I seem to have confused everyone the last time I talked about one of my classes. Be warned: I talk about one of my classes in today's blog post!
My Philosophy of Evil class is very interesting, even if the readings we've had so far haven't been. There are a lot of different ideas about evil, and I'm not sure how to get them to come together to form a coherent picture.
For example, here are two well-known ideas about evil that don't seem to agree--evil is its own punishment, and evil is largely unpunished.
1. Evil Is Its Own Punishment
Evil is its own punishment; if you choose to do something evil, you are basically choosing to be punished. "Karma" is the most popular term for this idea today; Karma says that if you do something bad, something bad happens to you. Aesop shows this well in his story of the Greedy Dog:
Once upon a time, there was a very Greedy Dog. He was walking down the road one day, when he saw a smaller dog who had a steak for lunch.
"Gimme your steak!" the Greedy Dog said.
The small dog offered to share his lunch, but the Greedy Dog wanted the steak all to himself, so he started barking and scared the little dog away. He then took the steak and decided to take it to his home, on the other side of a river. When he was going across the bridge, he saw his reflection in the water.
"It's another dog!" he thought. "And he's got a steak that looks bigger than mine! I want it!"
The Greedy Dog started barking to scare the other dog away, and the steak fell out of his mouth and into the river. So it was that the Greedy Dog ended up having no lunch at all that day, just like he deserved. The end.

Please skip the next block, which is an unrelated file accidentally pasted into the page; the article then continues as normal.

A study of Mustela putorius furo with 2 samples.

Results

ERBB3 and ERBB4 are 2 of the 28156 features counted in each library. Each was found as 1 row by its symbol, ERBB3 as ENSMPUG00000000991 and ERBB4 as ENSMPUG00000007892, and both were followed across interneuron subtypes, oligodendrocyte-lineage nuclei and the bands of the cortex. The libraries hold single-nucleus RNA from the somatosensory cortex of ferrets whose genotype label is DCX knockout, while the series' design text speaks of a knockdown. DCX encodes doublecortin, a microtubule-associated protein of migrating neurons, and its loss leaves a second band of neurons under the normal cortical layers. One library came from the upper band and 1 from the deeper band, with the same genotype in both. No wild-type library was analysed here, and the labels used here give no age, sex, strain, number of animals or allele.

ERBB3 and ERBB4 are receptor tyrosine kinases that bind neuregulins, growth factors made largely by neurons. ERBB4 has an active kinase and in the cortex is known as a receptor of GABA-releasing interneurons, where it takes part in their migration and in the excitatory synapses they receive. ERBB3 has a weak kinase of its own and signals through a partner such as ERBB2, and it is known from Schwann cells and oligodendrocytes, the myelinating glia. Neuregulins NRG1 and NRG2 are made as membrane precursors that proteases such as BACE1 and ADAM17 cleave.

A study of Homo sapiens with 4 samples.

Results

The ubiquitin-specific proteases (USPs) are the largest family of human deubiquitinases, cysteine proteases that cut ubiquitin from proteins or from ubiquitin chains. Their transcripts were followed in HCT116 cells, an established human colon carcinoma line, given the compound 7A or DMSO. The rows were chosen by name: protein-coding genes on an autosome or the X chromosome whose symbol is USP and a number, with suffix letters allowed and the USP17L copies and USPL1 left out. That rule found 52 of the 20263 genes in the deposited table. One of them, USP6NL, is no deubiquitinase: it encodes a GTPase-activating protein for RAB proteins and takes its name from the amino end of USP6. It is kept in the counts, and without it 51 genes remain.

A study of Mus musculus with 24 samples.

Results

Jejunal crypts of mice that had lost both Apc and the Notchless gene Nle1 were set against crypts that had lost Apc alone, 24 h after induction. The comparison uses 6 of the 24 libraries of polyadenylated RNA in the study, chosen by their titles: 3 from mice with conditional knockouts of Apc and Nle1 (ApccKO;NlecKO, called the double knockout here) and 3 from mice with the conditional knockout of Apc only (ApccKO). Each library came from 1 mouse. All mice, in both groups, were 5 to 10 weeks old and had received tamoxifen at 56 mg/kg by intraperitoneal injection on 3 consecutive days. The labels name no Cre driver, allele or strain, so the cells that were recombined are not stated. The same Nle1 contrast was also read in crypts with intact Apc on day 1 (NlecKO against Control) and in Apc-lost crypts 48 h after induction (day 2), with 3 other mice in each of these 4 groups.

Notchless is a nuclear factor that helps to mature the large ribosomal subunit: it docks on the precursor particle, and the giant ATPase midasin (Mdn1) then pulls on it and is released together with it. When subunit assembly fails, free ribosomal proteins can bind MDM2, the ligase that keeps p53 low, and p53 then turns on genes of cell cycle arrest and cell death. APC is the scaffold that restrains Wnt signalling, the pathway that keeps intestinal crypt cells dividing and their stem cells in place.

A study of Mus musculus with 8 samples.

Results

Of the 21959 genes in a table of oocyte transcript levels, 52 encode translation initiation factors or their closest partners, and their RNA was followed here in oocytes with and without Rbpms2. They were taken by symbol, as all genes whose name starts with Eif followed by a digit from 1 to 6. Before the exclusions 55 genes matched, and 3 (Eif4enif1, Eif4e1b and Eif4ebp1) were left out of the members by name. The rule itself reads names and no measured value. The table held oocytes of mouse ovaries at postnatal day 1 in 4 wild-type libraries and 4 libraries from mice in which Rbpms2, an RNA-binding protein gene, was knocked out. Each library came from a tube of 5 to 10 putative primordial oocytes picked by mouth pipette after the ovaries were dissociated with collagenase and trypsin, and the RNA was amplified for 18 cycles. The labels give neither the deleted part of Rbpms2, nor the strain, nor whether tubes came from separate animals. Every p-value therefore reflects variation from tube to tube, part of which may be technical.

There are several morals to the story, such as "Greedy people are never satisfied with what they have", but the traditional moral is "sin inevitably brings its own punishment". Nobody punished the Greedy Dog; he brought his punishment upon himself. Hence, we can see that when someone chooses to be evil, the person will inevitably be punished for it.
Aesop has several other stories along these lines, such as the boy who cried wolf. The boy lies so often to the townsfolk about the wolf that, as a result, no one believes him, even when he tells the truth. Like the Greedy Dog, the Lying Boy brings this punishment upon himself. He chose to do evil and deceive others, and he suffered the consequences of this evil action.
I could give examples that aren't from children's stories, but I'm trying to keep things simple. If you're bad, you're sure to get punished for it. That's karma, right?
However, this view is almost the exact opposite of another common idea about evil:
2. Evil Largely Goes Unpunished
There seem to be an awful lot of evil people in the world who don't get punished. You've probably met some people like this, people who do bad things but don't get in trouble for it.
The most common example of this today are politicians who boldly and publicly lie about what they'll do during election time. Then, when they're in office, they do the exact opposite of what they promised. That's lying, but the politicians seem to be rewarded with lives of luxury, instead of being impeached like they should be.
This is not just true for today; it seems this has always been the case throughout history. As the psalmist says, "The wicked spring up like grass, and all who do evil thrive" (Psalm 92). Evil dictators like Napoleon, Caesar and Hitler managed to get away with killing millions of innocent people for a very long time before they were eventually stopped.
So what do you guys think? Do you think evil people tend to be punished, or do you think that evil people tend to get away with their own misdeeds? Should I write more about this topic, or leave it here?